Contemporary software and system design methods use very complex tools relying on complex and often unstated mathematical properties. For instance, a key element in the software production workflow is the compiler which translates human-readable source code into efficient machine-executable code, using advanced optimisation techniques. While the theory behind compilers has been well understood for quite some time, providing a fully formalized, machine-checked proof of correctness for a compiler for a mainstream programming language has been an elusive task until the landmark achievement of X. Leroy et al : in 2009, they released the CompCert formalized C compiler, written and proven correct using the formal language of the Coq interactive proof assistant. This work shows how far one can go with the versatile framework for interactive formal proof development that is Coq, and how its built-in program extraction mechanism can be useful for industrial applications.
The goal of the Formal Proofs theme is to coordinate all research efforts made at Verimag Lab about using formal proofs to model systems and software and certify their properties with a very high confidence level. This allows to consider using these tools, libraries and methods for the design and development of critical systems.
The main formal proof software that we use is the Coq proof assistant, both for scientific and historical reasons. Scientific reasons because Coq is a very general tool that allows to use various formalization techniques that can be fitted to our proving needs. Historical reasons because many proof development efforts involve extending the CompCert C compiler, and because Coq is the proof assistant in which Verimag members are the most proficient.
Among the group activities, we can distinguish several research directions:
- Extensions and applications of certified compilers : new source languages, new target architectures, combining certified compilation with static analysis.
- Advancing confidence in distributed software and systems: fault-tolerant distributed algorithms, robot swarms
- Enhancing proof techniques and tactics for the Coq Proof Assistant : making the formal proof process more accessible and less tedious through small-scale proof automation.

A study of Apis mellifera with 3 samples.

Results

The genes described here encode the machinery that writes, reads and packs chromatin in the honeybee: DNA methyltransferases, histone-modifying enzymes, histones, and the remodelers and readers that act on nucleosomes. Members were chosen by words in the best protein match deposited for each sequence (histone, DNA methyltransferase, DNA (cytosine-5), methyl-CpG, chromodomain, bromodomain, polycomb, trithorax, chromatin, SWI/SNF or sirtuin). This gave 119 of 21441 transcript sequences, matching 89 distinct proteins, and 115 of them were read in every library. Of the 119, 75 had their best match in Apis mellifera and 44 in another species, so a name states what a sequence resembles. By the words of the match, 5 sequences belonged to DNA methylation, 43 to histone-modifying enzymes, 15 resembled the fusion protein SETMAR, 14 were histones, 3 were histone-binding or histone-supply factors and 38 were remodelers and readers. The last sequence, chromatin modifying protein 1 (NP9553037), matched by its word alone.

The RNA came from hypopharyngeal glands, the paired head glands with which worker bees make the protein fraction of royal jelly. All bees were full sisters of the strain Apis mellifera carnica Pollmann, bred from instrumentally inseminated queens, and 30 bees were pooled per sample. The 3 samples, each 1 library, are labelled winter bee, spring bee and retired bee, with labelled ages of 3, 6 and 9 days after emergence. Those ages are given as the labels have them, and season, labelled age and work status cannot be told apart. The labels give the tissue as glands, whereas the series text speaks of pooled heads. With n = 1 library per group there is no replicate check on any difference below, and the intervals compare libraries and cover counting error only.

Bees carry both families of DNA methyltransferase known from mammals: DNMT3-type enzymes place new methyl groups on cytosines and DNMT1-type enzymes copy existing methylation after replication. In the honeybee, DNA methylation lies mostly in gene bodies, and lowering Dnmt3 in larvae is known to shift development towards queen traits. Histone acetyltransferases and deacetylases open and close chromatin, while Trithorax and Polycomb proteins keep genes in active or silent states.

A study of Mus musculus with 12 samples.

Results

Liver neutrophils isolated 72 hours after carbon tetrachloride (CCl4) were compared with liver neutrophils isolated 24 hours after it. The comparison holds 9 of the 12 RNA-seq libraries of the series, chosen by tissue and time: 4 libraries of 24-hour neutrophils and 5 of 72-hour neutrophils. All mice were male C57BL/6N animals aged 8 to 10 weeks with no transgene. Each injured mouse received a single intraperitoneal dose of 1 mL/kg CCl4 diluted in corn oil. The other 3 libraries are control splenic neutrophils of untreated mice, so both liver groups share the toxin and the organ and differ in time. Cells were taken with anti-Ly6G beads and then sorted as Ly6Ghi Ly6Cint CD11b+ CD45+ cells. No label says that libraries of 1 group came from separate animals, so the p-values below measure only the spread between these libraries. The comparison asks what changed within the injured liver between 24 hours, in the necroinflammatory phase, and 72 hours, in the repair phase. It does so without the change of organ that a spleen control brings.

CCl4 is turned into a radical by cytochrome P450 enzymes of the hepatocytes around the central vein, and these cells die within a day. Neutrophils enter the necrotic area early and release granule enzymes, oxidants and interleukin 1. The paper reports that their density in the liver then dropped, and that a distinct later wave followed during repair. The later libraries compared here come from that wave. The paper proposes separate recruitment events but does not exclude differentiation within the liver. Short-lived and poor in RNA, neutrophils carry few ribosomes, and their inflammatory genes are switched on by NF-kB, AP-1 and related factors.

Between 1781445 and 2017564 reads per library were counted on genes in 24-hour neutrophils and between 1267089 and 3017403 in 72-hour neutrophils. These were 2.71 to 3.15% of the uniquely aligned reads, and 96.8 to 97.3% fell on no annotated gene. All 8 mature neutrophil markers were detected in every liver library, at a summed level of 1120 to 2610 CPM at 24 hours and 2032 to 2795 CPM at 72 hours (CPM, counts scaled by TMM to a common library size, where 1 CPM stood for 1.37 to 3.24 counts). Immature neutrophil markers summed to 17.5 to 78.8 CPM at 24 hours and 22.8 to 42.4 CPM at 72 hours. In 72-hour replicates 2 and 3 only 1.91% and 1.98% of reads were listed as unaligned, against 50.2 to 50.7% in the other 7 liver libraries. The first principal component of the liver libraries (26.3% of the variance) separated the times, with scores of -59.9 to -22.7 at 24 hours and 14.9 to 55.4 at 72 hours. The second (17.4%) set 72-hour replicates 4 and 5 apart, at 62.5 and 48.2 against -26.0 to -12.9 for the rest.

Certified compilation and static analysis
- Certified C compiler backends for the CompCert certified compiler
- Instruction scheduling for pipelined processors and in particular for Kalray VLIW core (with explicit instruction parallelism at the assembly level). See the KVX CompCert Compiler.
- Cryptographically Hardened RiscV architecture (IntrinSec/NanoTrust)
- Embedded ARM/RiscV Architectures with custom instruction set extensions
- Certified compilers for synchronous languages
- A verified compiler for the Lustre Synchronous Language, translating Lustre code into CompCert’s Clight code, which is then compiled using CompCert
- A verified compiler for Pure Kernel Esterel (a subset of Esterel featuring only control flow constructs, no datatypes) to digital circuits
Certified distributed software and systems
- Certification of Realtime Systems and scheduling policies
- Formalization of distributed self-stabilizing systems. Development of the PADEC framework. The goal of the PADEC framework is to build certified proofs of self-stabilizing algorithms using the Coq proof assistant. The framework includes the definition of the computational model, lemmas for common proof patterns and case studies (correctness of self-stabilizing algorithm, time complexity).
- Formalization of mobile robot fleets behavior and algorithms, with formally precise models allowing correctness proofs of protocols, impossibility proofs, and comparison between models, all backed by the Coq proof assistant, within the Pactole library.
Enhancing proof techniques and tactics for the Coq Proof Assistant
- Automation for proofs using equivalence relations and setoids. Design and study of a decision procedure adapted to a context with multiple (partial) equivalence relations, using appropriate extensions of congruence-closure and E-matching.
- Design patterns for formally verified and efficient software, with embeddings of untrusted imperative computations through Coq extraction (toward OCaml).
See the Impure Library.
- Proof techniques based on reflection and external certificates. For example, see the VPL tactic (for simplifying linear arithmetic within Coq goals, with oracles from the VPL library).